It’s natural to want to share your gardening fun with your pets. Unfortunately, there are a lot of common garden plants that are poisonous to cats and dogs. If you have any of the following plants, vegetables or herbs growing in your garden, keep an eye on your pets when they’re out there with you, especially if they’re young—puppies and kittens (just like babies) love to put things in their mouths that they shouldn’t!
Common Garden Plants That Are Poisonous to Cats and Dogs
The most common garden plant that is poisonous to cats and dogs is the tomato plant (Lycopersicon spp). Grown in practically every vegetable garden around, tomato plants are surprisingly toxic and can cause a shockingly long list of pet health issues (like severe gastrointestinal upset, weakness, slow heart rate and diarrhea). Signs of ingestion include hypersalivation, loss of appetite, confusion, behavioral changes and dilated pupils. And, although ripe tomatoes are rarely toxic to pets, plant material is. Note that just because tomato plants are toxic to pets doesn’t mean you can’t grow them, however, especially since tomatoes are one of the garden vegetables you can grow vertically (okay, fine, fruit!).
Another common garden plant that is toxic to pets is rhubarb (Rheum rhaponticum). Rhubarb is so toxic to cats and dogs, in fact, that it can cause kidney failure, tremors and coma (although rarely death) if consumed in adequate amounts. Luckily, growing rhubarb doesn’t need to be on your naughty list: Although the leaves are toxic (as well as bitter and unappetizing), the stalks are safe. And, since the leaves taste so bad, pets rarely eat them in toxic quantities.
A powerful Allium well-known for its medicinal and health benefits, garlic can also be incredibly toxic (and not just to pets). Garlic is poisonous to both cats and dogs, and warning signs of toxic ingestion include panting, blood in urine, vomiting and weakness. If you’re a fan of homemade and/or all-natural treats and your recipe calls for garlic, be sure to limit amounts to low, low levels (as the precise amount that is toxic to your pet may be influenced by species, breed and size). And, if you’re exploring garlic as a natural de-wormer, be sure to monitor your pet for symptoms of poisoning like panting, vomiting and weakness, as mentioned earlier.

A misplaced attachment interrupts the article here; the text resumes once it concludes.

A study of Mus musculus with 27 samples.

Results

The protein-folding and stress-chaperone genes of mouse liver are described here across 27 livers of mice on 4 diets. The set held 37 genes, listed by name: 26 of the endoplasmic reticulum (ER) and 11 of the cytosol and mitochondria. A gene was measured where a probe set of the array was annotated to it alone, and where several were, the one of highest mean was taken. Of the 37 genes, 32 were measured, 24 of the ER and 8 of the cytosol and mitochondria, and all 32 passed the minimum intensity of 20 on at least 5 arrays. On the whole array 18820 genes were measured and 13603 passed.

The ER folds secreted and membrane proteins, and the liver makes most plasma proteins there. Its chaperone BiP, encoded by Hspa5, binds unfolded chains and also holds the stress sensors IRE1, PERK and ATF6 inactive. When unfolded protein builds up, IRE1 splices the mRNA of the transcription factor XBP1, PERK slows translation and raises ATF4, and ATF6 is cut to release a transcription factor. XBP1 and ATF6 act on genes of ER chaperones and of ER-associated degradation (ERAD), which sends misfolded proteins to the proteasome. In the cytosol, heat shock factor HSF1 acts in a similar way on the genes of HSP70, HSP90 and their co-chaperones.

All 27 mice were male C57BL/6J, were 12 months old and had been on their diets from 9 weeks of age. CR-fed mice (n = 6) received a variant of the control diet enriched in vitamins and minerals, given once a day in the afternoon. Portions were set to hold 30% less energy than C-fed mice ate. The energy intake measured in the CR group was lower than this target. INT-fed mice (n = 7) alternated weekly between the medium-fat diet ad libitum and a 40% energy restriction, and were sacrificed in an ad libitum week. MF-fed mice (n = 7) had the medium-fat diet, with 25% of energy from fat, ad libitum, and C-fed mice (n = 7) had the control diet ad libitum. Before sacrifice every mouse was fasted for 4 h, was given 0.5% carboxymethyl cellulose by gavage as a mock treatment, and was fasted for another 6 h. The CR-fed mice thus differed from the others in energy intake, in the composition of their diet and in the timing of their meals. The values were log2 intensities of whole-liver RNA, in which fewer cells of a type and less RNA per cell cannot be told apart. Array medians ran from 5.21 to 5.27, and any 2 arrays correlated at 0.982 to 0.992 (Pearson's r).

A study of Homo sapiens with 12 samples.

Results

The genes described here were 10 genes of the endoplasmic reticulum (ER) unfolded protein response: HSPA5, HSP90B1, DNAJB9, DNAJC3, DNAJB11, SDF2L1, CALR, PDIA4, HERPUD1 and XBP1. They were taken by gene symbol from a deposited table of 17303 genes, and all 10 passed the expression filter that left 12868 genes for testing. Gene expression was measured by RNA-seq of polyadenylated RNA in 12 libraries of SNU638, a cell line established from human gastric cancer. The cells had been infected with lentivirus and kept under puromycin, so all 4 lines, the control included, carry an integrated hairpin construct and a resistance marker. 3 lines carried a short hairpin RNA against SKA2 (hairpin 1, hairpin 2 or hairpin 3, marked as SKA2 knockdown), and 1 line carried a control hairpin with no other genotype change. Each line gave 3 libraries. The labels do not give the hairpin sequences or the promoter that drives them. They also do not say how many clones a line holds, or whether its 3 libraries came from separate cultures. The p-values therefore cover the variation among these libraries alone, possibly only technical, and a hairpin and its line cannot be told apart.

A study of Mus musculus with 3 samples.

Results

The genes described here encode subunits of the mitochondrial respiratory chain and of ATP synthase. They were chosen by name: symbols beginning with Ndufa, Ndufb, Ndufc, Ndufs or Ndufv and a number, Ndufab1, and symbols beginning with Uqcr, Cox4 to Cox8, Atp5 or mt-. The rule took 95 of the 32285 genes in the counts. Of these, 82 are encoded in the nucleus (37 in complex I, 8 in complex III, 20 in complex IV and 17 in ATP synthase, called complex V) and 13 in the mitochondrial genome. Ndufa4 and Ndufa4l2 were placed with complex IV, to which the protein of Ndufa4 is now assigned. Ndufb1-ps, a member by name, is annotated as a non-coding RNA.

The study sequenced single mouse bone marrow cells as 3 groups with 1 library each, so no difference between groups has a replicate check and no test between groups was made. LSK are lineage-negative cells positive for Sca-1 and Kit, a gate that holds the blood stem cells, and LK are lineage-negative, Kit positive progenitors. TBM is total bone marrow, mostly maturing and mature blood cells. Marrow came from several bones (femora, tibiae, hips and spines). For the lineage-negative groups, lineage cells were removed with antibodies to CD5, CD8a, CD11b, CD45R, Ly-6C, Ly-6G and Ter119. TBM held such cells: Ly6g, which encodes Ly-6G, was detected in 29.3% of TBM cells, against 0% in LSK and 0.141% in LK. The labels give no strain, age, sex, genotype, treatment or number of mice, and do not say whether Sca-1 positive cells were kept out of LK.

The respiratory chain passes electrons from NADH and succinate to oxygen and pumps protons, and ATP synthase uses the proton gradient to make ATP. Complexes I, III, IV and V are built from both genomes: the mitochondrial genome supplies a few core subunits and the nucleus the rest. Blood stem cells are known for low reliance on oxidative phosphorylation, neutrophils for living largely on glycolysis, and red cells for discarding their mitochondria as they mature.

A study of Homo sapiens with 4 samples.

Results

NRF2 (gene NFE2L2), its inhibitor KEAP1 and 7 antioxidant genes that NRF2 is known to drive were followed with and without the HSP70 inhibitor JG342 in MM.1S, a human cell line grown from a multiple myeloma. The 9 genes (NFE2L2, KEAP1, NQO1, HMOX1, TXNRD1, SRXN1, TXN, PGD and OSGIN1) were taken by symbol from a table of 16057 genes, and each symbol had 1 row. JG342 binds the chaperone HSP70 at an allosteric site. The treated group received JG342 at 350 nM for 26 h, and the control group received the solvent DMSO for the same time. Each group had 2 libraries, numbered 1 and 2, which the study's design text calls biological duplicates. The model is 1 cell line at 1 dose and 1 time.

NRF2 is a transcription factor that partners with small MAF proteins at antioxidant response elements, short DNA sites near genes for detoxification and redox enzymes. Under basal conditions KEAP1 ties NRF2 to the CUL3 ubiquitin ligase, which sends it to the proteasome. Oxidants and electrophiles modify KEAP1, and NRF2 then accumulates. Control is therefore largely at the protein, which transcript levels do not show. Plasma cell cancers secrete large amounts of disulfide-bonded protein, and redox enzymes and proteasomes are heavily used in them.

Flowering Plants That Are Poisonous to Pets
Dianthus (Dianthus caryophyllus, also known as Pinks, Sweet William, Carnation and Wild Carnation) is another popular garden flower that is poisonous to both cats and dogs. Luckily, Dianthus is only mildly toxic and symptoms of ingestion are limited to gastrointestinal distress and mild dermatitis.
Another extremely popular and widely available plant that is toxic to pets is geranium (Pelargonium sp.) Easily identified by its strong scent and bi-colored leaves, geranium contains at least two sweet-smelling but toxic chemicals (Geraniol and linalool) that can produce vomiting, anorexia, depression and dermatitis in pets.
Bulbs (Lilies, Tulips, Irises, Daffodils, Peonies, Dahlias, and more)
Few people realize that some of the most popular flowering bulbs are poisonous to cats and dogs. In fact, according to the ASPCA, bulbs that are poisonous to pets include autumn crocus, daffodils, dahlias, lily of the valley, hosta, hyacinth, peonies, irises, narcissus, tulips and quite a few more. While most pets aren’t likely to nibble on these plants, dogs that dig and puppies who don’t know any better may dig up the bulbs and eat them. This is of special concern because the bulb is the most poisonous part of the plant and can be fatally toxic.
Herbs and Medicinal Plants That Are Poisonous to Cats and Dogs
Beloved by herbalists and natural-cure followers, chamomile (Anthemis nobilis, also called Feverfew, ground apple and turkey weed) is an herb that can be quite toxic to cats and dogs. In fact, essential oils and acids are strong enough to cause skin irritation just on contact, and ingestion can lead to vomiting, diarrhea, anorexia and various allergic reactions.
While there aren’t many popular herbs that are poisonous to pets, those that are make up for it by being especially toxic. Case in point: Spanish Thyme (Coleus amboinicus, also known as Mexican mint, Indian borage, Stinging thyme, French thyme, Indian mint, country borage, Jamaic thyme, and broadleaf thyme). The essential oils in this toxic-to-pets herb can cause vomiting, diarrhea, depression, anorexia and bloody stools.
When it comes to plants that are poisonous to cats and dogs, this is just the tip of the iceberg. For a comprehensive list of toxic and non-toxic plants, visit the ASPCA website. Or, for other non-pet related gardening-related resources and articles, visit my Gardening Guides page, and remember to keep an eye on the pets in your garden!